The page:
A 125-acre development in Cullowhee near Western Carolina University is expected to bring 281 housing units to the area over the next five years.
Landscape architect Tim Newell said the houses in the “Cullowhee River Club on the Tuckaseigee” will range in price from $200,000-$400,000 and consist of single- to multi-family homes. The development’s entrance will be from Old Cullowhee Road near Dix Gap.
Newell said the development will not be a gated community and that it is unlike other subdivisions in Jackson County.
The property that will house the new subdivision is known locally as the Battle farm and developers acquired 125 of its 133 acres from Ben Battle Jr.
Plans on file with the Planning Department indicate the project will have five phases and consist of 61 river-view cottages/single-family homes; 41 ridge cottages farther up the property; 32 river-view townhomes; 92 ridgeline townhomes; 36 lodge condos and 19 river condos.
The single-family homes will have two to three bedrooms and range in size from 1,800 to 2,500 square feet. They will be situated on quarter- or third-acre lots in cluster-development style. The multi-family buildings will feature three to four bedrooms with the units in clusters of four. They will be 1,600 to 1,800 square feet.
Amenities on the property will include a restaurant and lounge, swimming pool, tennis courts, meeting facilities, river pavilion, boat ramp, boat house, and hiking and biking trails. Jackson County planners have to approve the plans before construction can start. The planning board will likely look at the subdivision plans during its Thursday, March 14, meeting, which is scheduled at 5:30 p.m.
Road construction should start in April, Newell said, if plans are approved.
County Planning Director Gerald Green said developers hope to reduce impervious surfaces, since the subdivision is near water, and have asked that they be allowed to reduce some required road widths from 20 feet to 18 feet.
The homes will blend with the mountain landscape, Newell said during a Tuesday telephone interview.
“These will be designed very true to mountain vernacular – earth tones and rustic looks,” he said.
The price tag of the development will likely exceed $10 million, and employ a number of local contractors and individuals, he said.
“My philosophy has always been to use anything you can get locally,” he said, adding that pricing must be competitive.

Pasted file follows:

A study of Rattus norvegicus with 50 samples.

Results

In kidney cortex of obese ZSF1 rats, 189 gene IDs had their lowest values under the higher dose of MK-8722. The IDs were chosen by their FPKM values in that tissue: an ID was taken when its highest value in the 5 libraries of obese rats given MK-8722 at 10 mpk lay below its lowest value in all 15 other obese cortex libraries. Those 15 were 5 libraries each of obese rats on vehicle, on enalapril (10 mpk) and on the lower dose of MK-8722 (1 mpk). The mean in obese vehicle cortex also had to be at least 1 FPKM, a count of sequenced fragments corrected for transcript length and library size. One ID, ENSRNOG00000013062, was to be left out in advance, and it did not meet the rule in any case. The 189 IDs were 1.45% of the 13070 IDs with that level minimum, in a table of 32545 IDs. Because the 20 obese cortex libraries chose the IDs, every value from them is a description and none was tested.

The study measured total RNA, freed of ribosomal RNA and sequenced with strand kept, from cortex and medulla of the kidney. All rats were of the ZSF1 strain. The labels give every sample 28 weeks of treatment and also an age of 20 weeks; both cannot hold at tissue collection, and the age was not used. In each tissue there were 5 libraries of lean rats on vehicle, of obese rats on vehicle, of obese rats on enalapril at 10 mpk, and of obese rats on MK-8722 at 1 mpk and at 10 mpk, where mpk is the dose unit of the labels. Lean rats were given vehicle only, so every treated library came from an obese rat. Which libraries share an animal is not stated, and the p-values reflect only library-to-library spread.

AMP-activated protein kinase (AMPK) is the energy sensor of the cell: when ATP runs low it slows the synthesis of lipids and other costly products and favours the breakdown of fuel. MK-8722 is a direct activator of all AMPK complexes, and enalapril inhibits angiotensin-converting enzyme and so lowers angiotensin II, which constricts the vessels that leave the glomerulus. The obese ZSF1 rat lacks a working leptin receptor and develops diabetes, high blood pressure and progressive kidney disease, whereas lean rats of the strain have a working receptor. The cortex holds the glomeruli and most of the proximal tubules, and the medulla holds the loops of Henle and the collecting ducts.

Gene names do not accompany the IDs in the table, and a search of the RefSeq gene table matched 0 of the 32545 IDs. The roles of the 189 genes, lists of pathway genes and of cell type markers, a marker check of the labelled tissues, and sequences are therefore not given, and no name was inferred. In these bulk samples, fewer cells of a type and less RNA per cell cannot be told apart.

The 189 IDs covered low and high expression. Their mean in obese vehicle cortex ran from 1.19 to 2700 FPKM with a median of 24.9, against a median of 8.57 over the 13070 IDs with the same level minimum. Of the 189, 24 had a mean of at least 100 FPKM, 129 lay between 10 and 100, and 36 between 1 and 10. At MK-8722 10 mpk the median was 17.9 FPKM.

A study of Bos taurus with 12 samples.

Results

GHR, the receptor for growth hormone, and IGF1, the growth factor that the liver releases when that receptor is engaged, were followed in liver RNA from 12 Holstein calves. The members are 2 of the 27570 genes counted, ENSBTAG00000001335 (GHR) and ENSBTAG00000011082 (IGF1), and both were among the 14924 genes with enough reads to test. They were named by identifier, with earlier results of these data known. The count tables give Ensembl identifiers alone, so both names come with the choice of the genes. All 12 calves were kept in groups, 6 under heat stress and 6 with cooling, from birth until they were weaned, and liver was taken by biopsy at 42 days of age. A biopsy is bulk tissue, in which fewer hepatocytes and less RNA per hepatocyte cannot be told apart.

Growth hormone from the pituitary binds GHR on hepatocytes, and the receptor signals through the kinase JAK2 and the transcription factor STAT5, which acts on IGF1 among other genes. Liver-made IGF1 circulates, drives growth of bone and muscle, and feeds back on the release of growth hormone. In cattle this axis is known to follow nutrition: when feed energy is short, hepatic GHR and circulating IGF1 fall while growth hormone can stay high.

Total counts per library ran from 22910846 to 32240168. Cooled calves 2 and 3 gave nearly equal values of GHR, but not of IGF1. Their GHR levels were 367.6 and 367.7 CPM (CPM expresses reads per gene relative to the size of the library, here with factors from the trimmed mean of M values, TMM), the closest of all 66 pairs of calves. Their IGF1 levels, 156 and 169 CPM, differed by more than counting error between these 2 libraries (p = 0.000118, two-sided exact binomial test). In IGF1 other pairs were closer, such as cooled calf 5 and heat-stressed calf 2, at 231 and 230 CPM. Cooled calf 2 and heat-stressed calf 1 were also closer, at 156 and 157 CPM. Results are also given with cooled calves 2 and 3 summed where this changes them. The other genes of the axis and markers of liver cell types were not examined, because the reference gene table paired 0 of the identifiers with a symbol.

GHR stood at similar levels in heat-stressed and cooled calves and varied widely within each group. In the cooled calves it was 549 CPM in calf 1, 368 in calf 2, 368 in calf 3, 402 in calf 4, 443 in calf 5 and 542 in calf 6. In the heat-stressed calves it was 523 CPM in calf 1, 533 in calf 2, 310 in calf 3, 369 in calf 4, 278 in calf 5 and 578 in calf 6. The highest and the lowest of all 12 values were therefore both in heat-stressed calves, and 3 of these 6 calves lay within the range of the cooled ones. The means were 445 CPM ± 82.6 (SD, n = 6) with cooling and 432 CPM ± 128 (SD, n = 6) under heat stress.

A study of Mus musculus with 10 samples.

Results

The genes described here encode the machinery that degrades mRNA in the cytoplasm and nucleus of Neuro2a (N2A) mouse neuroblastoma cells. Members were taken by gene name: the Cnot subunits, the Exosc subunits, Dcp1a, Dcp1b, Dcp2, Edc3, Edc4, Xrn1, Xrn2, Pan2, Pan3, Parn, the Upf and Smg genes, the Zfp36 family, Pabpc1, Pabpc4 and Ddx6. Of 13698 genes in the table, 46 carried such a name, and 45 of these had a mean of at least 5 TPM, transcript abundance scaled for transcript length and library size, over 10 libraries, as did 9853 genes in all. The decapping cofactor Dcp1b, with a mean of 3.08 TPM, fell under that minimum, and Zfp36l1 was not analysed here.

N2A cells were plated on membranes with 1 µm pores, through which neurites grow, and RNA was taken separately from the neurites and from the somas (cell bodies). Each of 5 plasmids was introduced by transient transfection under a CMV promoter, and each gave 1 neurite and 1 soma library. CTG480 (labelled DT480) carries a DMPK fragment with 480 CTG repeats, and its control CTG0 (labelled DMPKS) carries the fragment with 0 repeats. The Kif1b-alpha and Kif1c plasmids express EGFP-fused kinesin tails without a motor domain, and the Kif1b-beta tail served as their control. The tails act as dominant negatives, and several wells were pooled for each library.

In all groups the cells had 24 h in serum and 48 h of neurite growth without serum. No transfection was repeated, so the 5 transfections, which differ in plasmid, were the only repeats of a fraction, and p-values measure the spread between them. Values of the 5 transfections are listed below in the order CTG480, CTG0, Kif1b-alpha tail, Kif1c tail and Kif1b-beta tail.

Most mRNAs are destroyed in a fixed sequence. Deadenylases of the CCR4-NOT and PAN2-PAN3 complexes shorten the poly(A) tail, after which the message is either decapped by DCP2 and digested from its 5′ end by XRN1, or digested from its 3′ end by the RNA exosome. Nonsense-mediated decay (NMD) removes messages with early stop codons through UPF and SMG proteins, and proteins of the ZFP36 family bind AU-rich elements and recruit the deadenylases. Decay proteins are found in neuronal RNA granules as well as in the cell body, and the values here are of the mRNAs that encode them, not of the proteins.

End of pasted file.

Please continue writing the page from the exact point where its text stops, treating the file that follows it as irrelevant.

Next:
The planned development differs from other subdivisions in the county because it’s a new model for real estate development, he said.
“Western North Carolina is littered with shut down, foreclosed communities,” he said. “Now we’re in a new reality in the real estate world. Old models don’t work anymore.”
Newell cited three factors that will differentiate his development from others and make it a success – its proximity to WCU; the demand of the second-home market; and the retiree market.
WCU will have a high-end housing community right next door, which it’s never had before, he said. Newell said he also hopes MedWest employees will settle there instead of locating in Haywood County and driving to work in Sylva.
“Our in-depth market study has revealed the appropriate mix of housing types, price points, and amenities for the market sectors that we believe to be viable,” said Newell. “We evaluated the market demand for single-family and multi-family homes as well as a river lodge and restaurant with meeting and event facilities.”
Although the subdivision will offer a range of amenities typical to private club communities there are no plans to make this a gated community, Newell said, adding that the river lodge restaurant and accommodations will be open to the public.
According to Newell, WCU Chancellor David Belcher welcomes the development of additional housing options close to campus.
Additional maps of the proposed development accompany the online version of this story.